Price faculty join global scholars to discuss climate change at 2016 Energy Policy Forum in Berlin
Faculty from USC Price, the Tsinghua School and the Hertie School at the 2016 Energy Policy Forum
Price Dean Jack Knott, in his opening address, applauded the forum’s multi-national and multi-school research and policy engagement on the critically important issue of climate change. The deans of both the Tsinghua School and the Hertie School also attended.
Key themes of the forum spanned the role of governing institutions and climate change policy, from global to local levels, in fostering the energy transition to renewables. Policy strategies for encouraging renewables over conventional fossil fuels include cap-and-trade, feed-in-tariffs, and other market-based approaches. The forum also focused on advancing the adoption of new communication technologies that facilitate smart energy usage decisions, particularly at the household level.
A plenary session, titled “On the Road from Paris to Marrakech,” examined the likely implications of the then-pending presidential election may have on U.S. posture toward the nationally agreed upon pledges on climate change mitigation — the central topic to be taken up by the international community the following week in Marrakech.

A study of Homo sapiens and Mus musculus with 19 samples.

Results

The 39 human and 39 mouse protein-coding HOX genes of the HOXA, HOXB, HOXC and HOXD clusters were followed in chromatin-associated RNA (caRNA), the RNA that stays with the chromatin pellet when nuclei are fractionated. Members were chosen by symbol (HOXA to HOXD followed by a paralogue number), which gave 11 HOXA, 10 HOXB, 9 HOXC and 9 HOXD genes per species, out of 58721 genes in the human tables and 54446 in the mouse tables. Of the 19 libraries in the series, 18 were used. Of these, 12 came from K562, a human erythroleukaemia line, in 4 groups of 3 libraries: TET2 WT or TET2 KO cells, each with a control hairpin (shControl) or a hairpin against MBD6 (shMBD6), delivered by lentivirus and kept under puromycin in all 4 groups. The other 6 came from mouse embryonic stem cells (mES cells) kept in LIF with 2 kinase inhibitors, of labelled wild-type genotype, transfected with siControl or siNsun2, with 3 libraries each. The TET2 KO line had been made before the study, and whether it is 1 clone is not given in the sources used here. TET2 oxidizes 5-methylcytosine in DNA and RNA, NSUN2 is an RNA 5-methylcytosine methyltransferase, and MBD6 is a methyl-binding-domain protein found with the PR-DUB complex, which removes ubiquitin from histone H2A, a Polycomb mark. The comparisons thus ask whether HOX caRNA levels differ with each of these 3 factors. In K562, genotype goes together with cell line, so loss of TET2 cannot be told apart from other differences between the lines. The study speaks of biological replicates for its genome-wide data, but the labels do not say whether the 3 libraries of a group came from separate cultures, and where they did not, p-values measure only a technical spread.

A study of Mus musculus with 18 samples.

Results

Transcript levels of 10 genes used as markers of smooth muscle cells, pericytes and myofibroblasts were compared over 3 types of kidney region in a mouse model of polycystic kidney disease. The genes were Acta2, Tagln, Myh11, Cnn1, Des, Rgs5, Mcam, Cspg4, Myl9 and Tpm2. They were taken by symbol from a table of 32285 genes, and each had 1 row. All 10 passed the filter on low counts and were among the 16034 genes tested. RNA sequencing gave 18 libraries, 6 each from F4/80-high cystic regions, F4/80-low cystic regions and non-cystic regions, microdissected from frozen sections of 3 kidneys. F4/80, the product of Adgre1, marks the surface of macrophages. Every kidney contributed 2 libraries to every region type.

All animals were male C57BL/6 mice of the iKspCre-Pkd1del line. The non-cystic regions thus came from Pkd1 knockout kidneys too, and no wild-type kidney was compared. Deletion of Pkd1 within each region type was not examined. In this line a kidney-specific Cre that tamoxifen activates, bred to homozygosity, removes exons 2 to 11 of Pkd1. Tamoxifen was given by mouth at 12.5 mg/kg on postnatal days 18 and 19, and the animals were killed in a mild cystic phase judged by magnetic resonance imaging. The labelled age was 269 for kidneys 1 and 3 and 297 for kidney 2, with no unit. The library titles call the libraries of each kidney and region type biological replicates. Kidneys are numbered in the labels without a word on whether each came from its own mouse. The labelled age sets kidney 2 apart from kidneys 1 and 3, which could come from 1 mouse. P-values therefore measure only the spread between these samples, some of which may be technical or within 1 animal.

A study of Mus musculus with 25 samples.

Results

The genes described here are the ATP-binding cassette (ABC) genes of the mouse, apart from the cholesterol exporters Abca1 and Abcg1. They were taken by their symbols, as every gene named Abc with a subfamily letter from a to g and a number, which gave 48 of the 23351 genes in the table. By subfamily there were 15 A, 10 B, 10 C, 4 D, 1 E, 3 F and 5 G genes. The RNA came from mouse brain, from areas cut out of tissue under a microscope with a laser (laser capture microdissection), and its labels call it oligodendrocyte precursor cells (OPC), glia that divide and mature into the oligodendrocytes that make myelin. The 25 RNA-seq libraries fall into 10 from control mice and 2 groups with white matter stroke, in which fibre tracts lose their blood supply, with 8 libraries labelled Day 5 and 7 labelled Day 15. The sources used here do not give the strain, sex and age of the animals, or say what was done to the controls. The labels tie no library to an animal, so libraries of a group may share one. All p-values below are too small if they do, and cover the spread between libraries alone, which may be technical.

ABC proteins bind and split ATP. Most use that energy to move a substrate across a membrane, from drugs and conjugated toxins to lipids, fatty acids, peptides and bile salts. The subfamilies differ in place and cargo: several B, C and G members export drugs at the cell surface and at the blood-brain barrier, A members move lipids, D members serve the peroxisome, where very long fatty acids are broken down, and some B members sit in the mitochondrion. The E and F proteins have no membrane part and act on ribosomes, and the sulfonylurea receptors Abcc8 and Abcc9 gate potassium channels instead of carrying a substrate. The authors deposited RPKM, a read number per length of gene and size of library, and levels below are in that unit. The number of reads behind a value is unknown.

Several members of the USC Schwarzenegger Institute research team participated in the forum. Research Professor Adam Rose presented on the equity implications of nationally determined contributions to reduce greenhouse gases. Research Professor Hilda Blanco moderated a panel on urban climate change mitigation policies. Professor Detlof von Winterfeldt presented a comparison of household energy footprints in Germany, the U.S. and China, and also served as a moderator of the panel on Household Energy Behavior. Research Assistant Professor Nicol Sintov shared her findings on household energy behavior in Southern California. Professor Daniel Mazmanian, co-organizer of the forum, presented a framework for comparing factors contributing to ambitious energy transition policies among nations and states. Mazmanian also participated in the plenary session.
The third and final forum will be hosted by the Schwarzenegger Institute and the Price School in October 2017.